Our definition of teacher leadership is too narrow. Examining the “Seven Domains of Teacher Leadership,” a domain is glaringly missing: the rest of the world.
In my first five years teaching in a Boston Public School, I was no leader. Sure, I mentored a full-time student teacher, and I collaborated with my colleagues on projects that improved our school, but something about it felt limited.
It wasn’t until I took a leave of absence in 2009 that I realized: I didn’t feel like a teacher leader because I wasn’t a leader beyond the education sphere.
During my leave of absence, that changed. I spent the year writing in Asia, working with a nonprofit in Africa, and learning Web design in Europe. I returned home in 2010 with skills, connections, and confidence that launched me into leadership beyond the education bubble. By the time I started my seventh year teaching in Boston, I was also running two global education websites, consulting for an ed-tech business, and leading a 200-person travel conference.
“So?” some might say, “Who cares if a teacher excels outside of the education world?” Well, we should care. In the 21st century, different professions are deeply interdependent. Isn’t the purpose of school to prepare students for the “real world”? To achieve this, teacher leaders who also lead beyond the education sphere are key.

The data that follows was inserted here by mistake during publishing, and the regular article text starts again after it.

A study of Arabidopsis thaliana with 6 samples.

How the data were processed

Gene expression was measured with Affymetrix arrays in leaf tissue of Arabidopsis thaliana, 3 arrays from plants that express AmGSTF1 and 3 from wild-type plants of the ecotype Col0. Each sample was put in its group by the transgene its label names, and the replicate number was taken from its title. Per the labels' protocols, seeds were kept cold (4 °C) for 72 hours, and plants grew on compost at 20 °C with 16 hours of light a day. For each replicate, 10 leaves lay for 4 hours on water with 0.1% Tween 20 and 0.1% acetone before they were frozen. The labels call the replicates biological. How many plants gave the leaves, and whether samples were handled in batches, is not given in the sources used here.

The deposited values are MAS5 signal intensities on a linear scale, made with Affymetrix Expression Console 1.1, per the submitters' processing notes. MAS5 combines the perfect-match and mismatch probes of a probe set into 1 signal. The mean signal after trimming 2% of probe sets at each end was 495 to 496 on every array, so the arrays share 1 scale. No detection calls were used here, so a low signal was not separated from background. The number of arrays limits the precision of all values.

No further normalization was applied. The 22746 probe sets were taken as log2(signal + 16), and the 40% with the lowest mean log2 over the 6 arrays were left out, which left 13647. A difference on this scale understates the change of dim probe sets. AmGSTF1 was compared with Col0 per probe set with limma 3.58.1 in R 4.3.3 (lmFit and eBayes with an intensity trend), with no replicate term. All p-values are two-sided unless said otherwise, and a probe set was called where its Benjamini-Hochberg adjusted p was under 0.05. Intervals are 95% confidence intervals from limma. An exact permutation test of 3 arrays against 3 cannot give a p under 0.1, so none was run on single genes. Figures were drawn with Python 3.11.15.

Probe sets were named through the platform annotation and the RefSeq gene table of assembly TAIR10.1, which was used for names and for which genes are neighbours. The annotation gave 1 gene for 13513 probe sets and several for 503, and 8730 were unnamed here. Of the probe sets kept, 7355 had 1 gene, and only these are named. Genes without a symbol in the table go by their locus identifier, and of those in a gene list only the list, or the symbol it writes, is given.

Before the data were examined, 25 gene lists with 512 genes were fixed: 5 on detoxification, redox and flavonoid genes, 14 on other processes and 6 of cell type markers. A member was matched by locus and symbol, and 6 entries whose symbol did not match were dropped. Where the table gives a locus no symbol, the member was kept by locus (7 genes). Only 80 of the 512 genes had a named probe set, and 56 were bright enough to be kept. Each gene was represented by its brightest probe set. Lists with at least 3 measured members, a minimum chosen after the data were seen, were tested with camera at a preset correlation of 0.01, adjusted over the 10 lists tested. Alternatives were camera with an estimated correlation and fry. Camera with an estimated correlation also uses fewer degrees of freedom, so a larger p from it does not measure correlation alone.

As my leadership grew in the realms of business, Web design, and event management, my prowess as a teacher increased. I was far clearer in showing students the real-world applications of the concepts we learned. My collaboration with colleagues also became more effective as I drew in strategies and contacts from outside the education realm.
Teachers have a dire marketing problem now, as we’re attacked by people who don’t understand our profession. Happily, we can begin to solve this by engaging beyond the traditional confines of our career. When I lead travel conferences or do social media marketing consulting, I frequently hear exclamations like, “I didn’t know teachers knew how to do that!” By positively leading in domains beyond education, teachers work wonders for improving the image of our profession—an effect that’s desperately needed in these demonizing times.
The 21st century is about connections across borders. This means we rob ourselves, our students, and our world if we cramp teacher leadership inside the education sphere. It is time to realize that a “teacher leader” is actually... a leader.
Lillie Marshall (@WorldLillie on Twitter) has been a teacher in the Boston Public Schools since 2003, and is passionate about creative forms of teacher leadership and teacher retention.
The opinions expressed in Teaching Ahead: A Roundtable are strictly those of the author(s) and do not reflect the opinions or endorsement of Editorial Projects in Education, or any of its publications.